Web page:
What’s your reason for getting a divorce? Is it the infidelity, the drinking, the mismanagement of money, the lack of respect?
Everybody has a different reason for getting a divorce. Each marriage is different, and each couple experiences different forces and obstacles throughout their relationship. Each couple reacts and responds to daily conflict in a different manner, and each individual in the couple reacts and responds differently to those same conflicts.
Sometimes a client will come in wanting a divorce when there is, as they say, “no rhyme or reason” for the breakup of the marriage. This is usually disproved, however, after probing more into the dynamics and facts of the marriage. Psychologists call this denial. We certainly get our fair share of clients choosing (consciously or subconsciously) to remain unengaged from the problems the couple faces every day.
Remember the glitzy, famous Gabor sisters? Zsa Zsa Gabor, who knew quite a bit about marriage and divorce from her own experiences, had this to say: “Getting divorced just because you don’t love a man is almost as silly as getting married just because you do.”
Now I don’t usually go around quoting Zsa Zsa Gabor, but her way with words here sheds some light on the many relationships I’ve seen end when they don’t really need to. The number one reason I get as a divorce lawyer is that one of the individuals does not love the other anymore. Sure, one of the reasons listed in the introductory paragraph may have instigated the loss of the love once felt, but the love is lost nonetheless.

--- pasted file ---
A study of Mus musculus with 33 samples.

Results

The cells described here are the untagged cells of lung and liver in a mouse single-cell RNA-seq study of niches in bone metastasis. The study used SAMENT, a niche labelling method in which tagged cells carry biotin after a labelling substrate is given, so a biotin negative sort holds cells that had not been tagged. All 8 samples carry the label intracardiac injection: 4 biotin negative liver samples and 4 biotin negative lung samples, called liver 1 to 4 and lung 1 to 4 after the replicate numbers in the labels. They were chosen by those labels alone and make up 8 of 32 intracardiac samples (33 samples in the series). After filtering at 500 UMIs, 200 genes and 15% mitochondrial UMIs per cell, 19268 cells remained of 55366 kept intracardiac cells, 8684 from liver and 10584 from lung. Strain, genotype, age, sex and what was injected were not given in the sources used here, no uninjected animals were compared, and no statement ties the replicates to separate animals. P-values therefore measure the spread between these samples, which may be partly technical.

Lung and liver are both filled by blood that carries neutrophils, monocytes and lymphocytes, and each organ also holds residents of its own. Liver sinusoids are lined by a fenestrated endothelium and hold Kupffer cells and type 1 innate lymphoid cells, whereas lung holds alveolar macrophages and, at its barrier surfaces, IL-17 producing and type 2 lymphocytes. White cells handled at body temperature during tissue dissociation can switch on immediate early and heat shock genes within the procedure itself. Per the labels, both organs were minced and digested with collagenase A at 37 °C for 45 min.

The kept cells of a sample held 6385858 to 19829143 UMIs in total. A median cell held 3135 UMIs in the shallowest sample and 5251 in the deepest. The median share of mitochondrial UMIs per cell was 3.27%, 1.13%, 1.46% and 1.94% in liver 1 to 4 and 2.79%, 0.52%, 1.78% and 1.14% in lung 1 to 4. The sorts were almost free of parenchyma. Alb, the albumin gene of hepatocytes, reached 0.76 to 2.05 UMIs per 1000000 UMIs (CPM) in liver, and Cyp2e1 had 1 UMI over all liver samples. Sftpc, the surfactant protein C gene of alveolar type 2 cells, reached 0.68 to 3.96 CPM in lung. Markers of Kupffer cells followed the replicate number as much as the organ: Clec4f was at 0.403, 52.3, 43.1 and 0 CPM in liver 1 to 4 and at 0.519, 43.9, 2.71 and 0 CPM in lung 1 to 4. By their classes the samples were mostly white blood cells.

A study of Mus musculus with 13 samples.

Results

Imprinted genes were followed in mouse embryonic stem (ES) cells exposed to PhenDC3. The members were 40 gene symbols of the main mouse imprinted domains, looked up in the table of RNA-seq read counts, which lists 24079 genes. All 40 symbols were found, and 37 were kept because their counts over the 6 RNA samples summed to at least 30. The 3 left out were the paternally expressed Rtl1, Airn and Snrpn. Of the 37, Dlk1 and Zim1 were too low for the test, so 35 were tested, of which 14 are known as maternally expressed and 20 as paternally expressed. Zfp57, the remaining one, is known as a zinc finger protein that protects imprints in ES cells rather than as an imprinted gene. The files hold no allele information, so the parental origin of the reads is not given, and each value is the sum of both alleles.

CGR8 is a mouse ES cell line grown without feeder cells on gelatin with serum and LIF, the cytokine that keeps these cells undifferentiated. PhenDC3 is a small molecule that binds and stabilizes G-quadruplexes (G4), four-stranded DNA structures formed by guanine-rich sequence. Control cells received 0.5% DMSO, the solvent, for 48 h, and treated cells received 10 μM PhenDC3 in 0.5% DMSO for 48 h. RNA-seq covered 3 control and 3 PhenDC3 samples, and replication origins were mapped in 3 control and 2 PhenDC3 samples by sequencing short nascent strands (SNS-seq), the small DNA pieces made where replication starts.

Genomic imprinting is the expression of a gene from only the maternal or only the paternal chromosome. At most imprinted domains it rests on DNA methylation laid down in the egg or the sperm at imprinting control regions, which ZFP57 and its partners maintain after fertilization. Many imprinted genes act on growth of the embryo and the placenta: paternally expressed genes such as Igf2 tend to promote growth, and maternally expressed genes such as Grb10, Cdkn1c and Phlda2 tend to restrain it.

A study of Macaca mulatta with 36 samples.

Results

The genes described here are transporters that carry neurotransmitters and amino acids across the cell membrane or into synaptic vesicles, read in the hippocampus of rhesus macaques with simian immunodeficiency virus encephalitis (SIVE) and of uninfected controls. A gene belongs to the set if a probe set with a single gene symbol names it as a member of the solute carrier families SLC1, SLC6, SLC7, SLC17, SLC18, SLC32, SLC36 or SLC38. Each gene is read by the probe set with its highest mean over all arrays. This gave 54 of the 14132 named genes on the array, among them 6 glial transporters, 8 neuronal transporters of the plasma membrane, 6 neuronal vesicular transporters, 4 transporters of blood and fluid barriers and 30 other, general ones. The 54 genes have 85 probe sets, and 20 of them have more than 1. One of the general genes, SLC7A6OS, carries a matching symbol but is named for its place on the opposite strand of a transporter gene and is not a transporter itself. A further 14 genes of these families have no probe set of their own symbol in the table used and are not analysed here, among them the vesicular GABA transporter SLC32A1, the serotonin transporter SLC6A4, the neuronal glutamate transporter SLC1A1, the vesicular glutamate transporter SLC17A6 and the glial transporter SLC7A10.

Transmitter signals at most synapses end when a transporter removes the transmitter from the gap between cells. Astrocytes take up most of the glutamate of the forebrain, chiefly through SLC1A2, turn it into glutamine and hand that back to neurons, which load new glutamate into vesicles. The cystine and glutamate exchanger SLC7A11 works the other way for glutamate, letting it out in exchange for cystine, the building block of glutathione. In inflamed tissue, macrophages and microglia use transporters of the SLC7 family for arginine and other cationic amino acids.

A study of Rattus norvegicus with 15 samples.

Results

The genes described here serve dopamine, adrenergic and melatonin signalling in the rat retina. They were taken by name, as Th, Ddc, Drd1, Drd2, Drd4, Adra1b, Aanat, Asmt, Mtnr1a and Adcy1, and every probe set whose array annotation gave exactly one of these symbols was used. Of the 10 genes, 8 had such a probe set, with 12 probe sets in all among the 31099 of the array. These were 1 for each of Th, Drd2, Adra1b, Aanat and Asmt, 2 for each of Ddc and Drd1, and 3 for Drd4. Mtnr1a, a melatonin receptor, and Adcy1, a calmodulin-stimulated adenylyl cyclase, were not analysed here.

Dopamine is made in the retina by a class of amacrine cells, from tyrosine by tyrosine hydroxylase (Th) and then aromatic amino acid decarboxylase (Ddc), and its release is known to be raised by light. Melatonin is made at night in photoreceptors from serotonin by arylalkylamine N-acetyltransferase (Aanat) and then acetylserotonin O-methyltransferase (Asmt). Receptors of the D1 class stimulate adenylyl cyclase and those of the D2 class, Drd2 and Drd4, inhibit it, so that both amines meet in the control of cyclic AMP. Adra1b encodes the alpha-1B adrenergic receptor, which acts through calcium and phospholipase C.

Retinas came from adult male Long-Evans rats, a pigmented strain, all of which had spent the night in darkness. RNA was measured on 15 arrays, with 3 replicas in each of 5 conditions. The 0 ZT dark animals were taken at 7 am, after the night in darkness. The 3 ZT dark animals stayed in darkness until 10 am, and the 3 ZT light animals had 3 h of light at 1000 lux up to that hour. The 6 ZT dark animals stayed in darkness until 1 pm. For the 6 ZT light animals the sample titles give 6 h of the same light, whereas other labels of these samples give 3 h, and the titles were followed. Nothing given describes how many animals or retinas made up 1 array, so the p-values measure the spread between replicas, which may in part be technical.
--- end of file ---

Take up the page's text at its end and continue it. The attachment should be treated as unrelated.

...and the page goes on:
What strikes me most about Ms. Gabor’s quote is this: if you based getting into the marriage strictly on love, then it would make sense to end the marriage when the love seems to stop; but a marriage is a multifaceted relationship that cannot simply rely on one overriding facet called love. All the other facets must be examined as well to see which facet(s) need to be better maintained in the relationship. Each individual must share the focus on the relationship as a whole, and not just on the guiding emotion.
Don’t get me wrong, I’m not saying that love is not important in a relationship. It is! But you cannot expect to make up for the regular attention the other facets need and deserve. If your marriage is in trouble, get help. Seek quality marriage counseling from someone you both can trust and listen to. Just don’t give up without looking at the other facets in your relationship first.